No Place To Get To
No Place to Get to
Composer’s Notes: No Place to Get to
From a concert preview in The Tennessean, by Alan Bostick:
This 10-minute work calls for a guitar (played by guest Russ Barenburg) and English horn (guest Paula Engerer) to join the strings.
But those few minutes, for Ellisor, are the fruit of months of reading, contemplation, and consideration; of exploring literary, musical and emotional resonances from earlier in life; and of working to give voice to a mode of living that’s largely lost in these days of TV channel-changers and drive-through eateries.
“If music doesn’t move me, why do?” she said.
“There are so many moments we lose by not being fully awake. I have just wanted to understand how to really wake up to every moment of my life.”
If that sounds vaguely mystical and perhaps poetic, it is both.
Ellisor drew her inspiration for No Place to Get to from a 13th-century poet name Rumi (officially Mevlana Jalal-e-Din Mevlavi Rumi). Born in today’s Afghanistan, Rumi wrote poems that commentators describe as dealing with divine love and mystical ecstasy.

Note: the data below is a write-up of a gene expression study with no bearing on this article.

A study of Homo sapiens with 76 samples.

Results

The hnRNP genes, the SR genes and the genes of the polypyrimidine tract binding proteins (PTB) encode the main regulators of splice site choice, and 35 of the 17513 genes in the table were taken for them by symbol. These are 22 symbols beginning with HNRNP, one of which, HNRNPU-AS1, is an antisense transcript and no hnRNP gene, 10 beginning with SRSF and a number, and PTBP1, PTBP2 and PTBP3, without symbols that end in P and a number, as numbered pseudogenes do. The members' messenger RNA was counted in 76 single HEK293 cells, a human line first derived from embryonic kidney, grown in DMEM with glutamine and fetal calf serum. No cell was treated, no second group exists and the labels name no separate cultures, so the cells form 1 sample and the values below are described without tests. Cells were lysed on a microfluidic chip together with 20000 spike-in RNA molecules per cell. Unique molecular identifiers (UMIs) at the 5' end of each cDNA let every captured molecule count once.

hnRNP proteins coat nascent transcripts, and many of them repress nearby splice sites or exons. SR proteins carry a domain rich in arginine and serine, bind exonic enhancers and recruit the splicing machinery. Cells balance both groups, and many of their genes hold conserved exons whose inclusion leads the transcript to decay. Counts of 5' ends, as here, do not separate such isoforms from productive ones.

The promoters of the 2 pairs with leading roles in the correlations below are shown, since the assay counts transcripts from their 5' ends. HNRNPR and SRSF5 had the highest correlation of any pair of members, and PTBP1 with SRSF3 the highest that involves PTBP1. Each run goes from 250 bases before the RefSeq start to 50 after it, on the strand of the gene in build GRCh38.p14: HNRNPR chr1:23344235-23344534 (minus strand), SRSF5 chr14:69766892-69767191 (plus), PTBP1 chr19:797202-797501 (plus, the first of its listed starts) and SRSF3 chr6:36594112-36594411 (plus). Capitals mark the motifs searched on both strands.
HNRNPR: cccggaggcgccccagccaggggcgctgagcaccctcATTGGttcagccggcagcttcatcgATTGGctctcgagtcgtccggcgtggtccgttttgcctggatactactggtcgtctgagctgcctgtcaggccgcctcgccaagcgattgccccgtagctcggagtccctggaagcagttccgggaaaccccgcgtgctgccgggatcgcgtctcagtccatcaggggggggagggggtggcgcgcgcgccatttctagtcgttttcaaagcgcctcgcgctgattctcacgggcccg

Ellisor referred specifically to these Rumi passages: “Keep walking, though there’s no place to get to,” a line which gave Ellisor the title for her music.
“Don’t try to see through the distances/That’s not for human beings…Today, like every other day, we wake up empty and frightened/Don’t open the door to the study and begin reading/Take down a musical instrument. Let the beauty we love be what we do./There are hundreds of ways to kneel and kiss the ground.”
Ellisor has had a long-standing fascination with the poet: “Its’ something I turn to quite often.”
“In this particular poem, the idea of not staying in your fear, of doing what you love helps you realize that everything we do is in some way a celebration of life and a form of reverence.”
That thought happened to be precisely what Ellisor wished to express in this music, the writing of which has coincided with the serious illness of close relative.
The main theme of the piece is something Ellisor has carried with her for 20 years: “I’ve been waiting to find a home for it,” she said.